By Gwyneth K. Shaw
The hard-fought 2020 election pushed many Berkeley Law students to advocate for campaigns, organizations, and causes. For those in the student-led Political and Election Empowerment Project (PEEP), a new partner is stretching their work into the critical 2021 redistricting year.
Members of PEEP — one of the school’s 38 current Student-Initiated Legal Services Projects — reached out to the San Francisco-based Asian Americans Advancing Justice – Asian Law Caucus because they wanted to work with a local organization.
They spent the fall scrutinizing data from metropolitan areas around the country, to ensure underrepresented populations would be protected during redistricting. They helped the group identify areas where districts might be drawn including a majority of Asian Americans, or a combination of minority groups.
“The work that we have done with ALC this semester is a great example of the breadth and variety of work that lawyers perform,” says Molly Haley ’22. “From interpreting data sets to helping poll workers comply with election laws, there is so much to being a lawyer beyond analyzing cases and writing briefs. PEEP has allowed us to gain exposure to these skill sets.
“It’s also inspiring to see how dedicated our supervising attorneys are to this work and to see the magnitude of the impact their work can have.”
Building new skills
The students pored over U.S. Census data and other sources, then drafted memos to help guide Asian Law Caucus as the redistricting process moves forward later this year.
“Even though most of us spent last semester in safe states like California, it was still incredibly exciting to play a key role in the electoral process,” says Aaron Esparza ’22. “Since redistricting only occurs once every 10 years, this is a rare moment to take part in. Hopefully our research sheds light so that politicians ensure that all voters are given an equal voice.”
This spring, PEEP members are switching gears and focusing on language access for voters, researching language access voting laws outside California and drafting model legislation.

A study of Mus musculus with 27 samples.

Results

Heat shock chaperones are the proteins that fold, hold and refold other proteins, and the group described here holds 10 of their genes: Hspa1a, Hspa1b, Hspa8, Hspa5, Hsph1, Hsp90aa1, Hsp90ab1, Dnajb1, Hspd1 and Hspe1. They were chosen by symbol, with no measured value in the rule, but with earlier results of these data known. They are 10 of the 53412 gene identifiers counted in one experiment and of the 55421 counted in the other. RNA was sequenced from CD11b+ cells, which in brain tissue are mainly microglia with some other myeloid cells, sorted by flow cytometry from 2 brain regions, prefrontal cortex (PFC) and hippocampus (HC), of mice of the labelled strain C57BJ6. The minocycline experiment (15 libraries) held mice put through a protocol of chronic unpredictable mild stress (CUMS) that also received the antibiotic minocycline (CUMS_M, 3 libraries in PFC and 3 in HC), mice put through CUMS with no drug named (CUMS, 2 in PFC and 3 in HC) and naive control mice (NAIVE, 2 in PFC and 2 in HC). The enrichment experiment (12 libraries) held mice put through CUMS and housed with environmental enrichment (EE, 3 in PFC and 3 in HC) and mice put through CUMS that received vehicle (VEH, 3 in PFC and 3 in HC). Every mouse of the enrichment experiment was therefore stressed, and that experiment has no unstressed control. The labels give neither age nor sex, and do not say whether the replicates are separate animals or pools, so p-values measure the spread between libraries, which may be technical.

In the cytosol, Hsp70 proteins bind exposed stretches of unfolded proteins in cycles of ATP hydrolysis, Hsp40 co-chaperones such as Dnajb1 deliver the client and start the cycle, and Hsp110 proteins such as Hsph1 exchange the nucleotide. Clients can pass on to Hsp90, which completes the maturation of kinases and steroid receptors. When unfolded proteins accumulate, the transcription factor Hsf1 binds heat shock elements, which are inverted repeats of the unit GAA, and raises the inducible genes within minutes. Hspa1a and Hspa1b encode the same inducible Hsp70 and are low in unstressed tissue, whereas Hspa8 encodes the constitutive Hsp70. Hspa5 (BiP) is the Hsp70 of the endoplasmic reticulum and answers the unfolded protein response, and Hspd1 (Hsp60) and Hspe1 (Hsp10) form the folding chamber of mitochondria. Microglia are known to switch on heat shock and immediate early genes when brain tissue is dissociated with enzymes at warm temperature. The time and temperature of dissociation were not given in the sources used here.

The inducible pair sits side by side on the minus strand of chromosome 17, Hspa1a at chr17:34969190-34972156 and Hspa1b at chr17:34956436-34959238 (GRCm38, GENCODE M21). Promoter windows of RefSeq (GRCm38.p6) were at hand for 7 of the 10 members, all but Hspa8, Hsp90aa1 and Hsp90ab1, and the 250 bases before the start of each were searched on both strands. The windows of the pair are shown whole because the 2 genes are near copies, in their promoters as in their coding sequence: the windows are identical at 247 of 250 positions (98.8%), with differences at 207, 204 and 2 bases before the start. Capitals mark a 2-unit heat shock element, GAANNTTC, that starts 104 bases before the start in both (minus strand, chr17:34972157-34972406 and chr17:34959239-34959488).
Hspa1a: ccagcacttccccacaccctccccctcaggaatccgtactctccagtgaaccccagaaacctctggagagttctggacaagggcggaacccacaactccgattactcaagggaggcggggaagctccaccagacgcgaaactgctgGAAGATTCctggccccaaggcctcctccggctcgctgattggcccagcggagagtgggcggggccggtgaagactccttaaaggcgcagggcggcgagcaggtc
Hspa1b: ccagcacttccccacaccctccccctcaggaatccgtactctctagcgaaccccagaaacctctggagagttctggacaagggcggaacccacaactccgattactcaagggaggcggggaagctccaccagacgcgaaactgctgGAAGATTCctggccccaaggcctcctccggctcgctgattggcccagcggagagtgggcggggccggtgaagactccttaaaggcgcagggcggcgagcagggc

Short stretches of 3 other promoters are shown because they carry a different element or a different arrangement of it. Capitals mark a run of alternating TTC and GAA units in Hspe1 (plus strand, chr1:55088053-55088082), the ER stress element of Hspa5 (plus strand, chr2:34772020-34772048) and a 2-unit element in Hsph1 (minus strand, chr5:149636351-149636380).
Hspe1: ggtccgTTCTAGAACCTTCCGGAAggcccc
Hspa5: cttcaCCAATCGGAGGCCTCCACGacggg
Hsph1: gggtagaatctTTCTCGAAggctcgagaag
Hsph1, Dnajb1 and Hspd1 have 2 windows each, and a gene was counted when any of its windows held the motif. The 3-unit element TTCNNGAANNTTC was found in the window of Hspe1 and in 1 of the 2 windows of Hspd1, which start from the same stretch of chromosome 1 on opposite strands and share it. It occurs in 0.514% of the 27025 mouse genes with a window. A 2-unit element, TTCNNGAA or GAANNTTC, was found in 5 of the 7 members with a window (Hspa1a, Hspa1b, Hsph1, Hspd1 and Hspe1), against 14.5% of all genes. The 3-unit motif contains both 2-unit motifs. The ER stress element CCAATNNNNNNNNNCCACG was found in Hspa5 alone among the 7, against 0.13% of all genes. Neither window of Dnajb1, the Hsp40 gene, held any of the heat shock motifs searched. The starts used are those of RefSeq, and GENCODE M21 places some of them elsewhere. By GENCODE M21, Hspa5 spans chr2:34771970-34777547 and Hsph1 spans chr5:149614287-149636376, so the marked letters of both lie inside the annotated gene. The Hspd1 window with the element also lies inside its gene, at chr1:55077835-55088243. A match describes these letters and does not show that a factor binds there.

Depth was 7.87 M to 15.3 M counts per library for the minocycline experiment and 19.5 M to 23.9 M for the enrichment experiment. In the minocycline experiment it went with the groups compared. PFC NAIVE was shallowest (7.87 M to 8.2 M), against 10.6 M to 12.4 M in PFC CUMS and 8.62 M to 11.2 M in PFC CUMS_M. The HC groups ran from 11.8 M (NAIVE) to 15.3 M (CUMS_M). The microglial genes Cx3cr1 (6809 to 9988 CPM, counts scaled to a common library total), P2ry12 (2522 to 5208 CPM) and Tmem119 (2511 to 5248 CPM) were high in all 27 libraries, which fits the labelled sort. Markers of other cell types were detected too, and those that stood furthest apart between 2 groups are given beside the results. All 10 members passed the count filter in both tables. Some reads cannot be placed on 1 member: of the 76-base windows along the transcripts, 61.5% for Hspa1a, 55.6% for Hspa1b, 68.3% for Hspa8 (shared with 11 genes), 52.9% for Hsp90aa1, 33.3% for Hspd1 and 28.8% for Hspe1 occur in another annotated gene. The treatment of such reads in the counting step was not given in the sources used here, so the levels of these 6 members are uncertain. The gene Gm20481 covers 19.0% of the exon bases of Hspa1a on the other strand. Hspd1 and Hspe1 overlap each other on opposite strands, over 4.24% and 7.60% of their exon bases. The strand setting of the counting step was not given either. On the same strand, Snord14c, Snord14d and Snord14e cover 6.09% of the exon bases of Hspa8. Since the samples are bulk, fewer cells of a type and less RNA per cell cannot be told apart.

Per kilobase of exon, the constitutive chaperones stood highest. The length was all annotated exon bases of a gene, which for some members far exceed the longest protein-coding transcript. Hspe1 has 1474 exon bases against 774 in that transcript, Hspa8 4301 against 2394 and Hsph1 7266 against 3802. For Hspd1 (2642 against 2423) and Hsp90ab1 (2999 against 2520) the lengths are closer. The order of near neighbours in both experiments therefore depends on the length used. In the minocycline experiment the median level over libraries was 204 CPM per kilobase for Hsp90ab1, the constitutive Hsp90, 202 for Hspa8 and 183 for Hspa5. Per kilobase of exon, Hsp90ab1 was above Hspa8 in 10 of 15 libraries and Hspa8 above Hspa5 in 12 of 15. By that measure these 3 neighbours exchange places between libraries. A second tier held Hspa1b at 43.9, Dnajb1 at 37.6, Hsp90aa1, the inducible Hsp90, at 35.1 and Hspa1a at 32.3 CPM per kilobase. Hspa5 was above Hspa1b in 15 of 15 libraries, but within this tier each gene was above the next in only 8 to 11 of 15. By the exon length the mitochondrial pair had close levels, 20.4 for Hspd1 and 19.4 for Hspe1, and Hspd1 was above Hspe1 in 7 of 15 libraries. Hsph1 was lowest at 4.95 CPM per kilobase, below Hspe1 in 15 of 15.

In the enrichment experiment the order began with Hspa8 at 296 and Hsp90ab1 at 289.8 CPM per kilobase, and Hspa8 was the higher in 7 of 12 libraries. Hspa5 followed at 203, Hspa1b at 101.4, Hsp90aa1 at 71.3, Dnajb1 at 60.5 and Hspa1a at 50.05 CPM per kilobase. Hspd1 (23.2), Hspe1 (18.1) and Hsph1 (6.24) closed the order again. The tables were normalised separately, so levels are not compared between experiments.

“One of the highlights for us is the emphasis on collaborative research with fellow classmates combined with the introduction to other areas of the legal profession that we aren’t necessarily exposed to in the classroom,” says Paige Wahoff ’22.
Many PEEP members also volunteered during election season, doing poll monitoring and other direct work, which brought them even closer to the difficulties voters can face.
Haley was a poll monitor in Yolo County during the early voting period the weekend before Election Day, and got a firsthand look at the ways the pandemic challenged poll workers. One example was when non-English ballot access areas were hidden because of limited table space and the plexiglass barriers installed to increase safety.
“Fortunately, everyone was willing to come up with better solutions to ensure these materials were visible to voters, as required,” Haley says.
Sara Clark ’23 worked in the electoral and civic technology space for five years before she began law school, learning that structural barriers to the polls are an obstacle to even the most motivated voter. She came to Berkeley Law determined to use her legal training to promote equal and easy voting access.
As a 1L working with PEEP, she got demographic research experience. Clark spent her fall Saturdays working at an election protection hotline, helping voters navigate attempts at voter suppression and various pandemic-related complications.
On Election Day, she was a poll monitor in Contra Costa County, and witnessed the strengths and weaknesses of a community polling place.
“This combination of opportunities only strengthened my motivation to be a lifelong advocate for voting rights,” Clark says. “I aim to combat restrictive and expand beneficial electoral policies, using the strength of the law to elevate voices that would not otherwise be heard at the ballot box.”
The service components have been exciting, Esparza says, but the group is also a great place to get to know other students with a zeal for law and politics, and how they intersect — especially now.
“We live in such unprecedented times that honestly spending an hour or so every week with other passionate students teaches me more than any case book could.”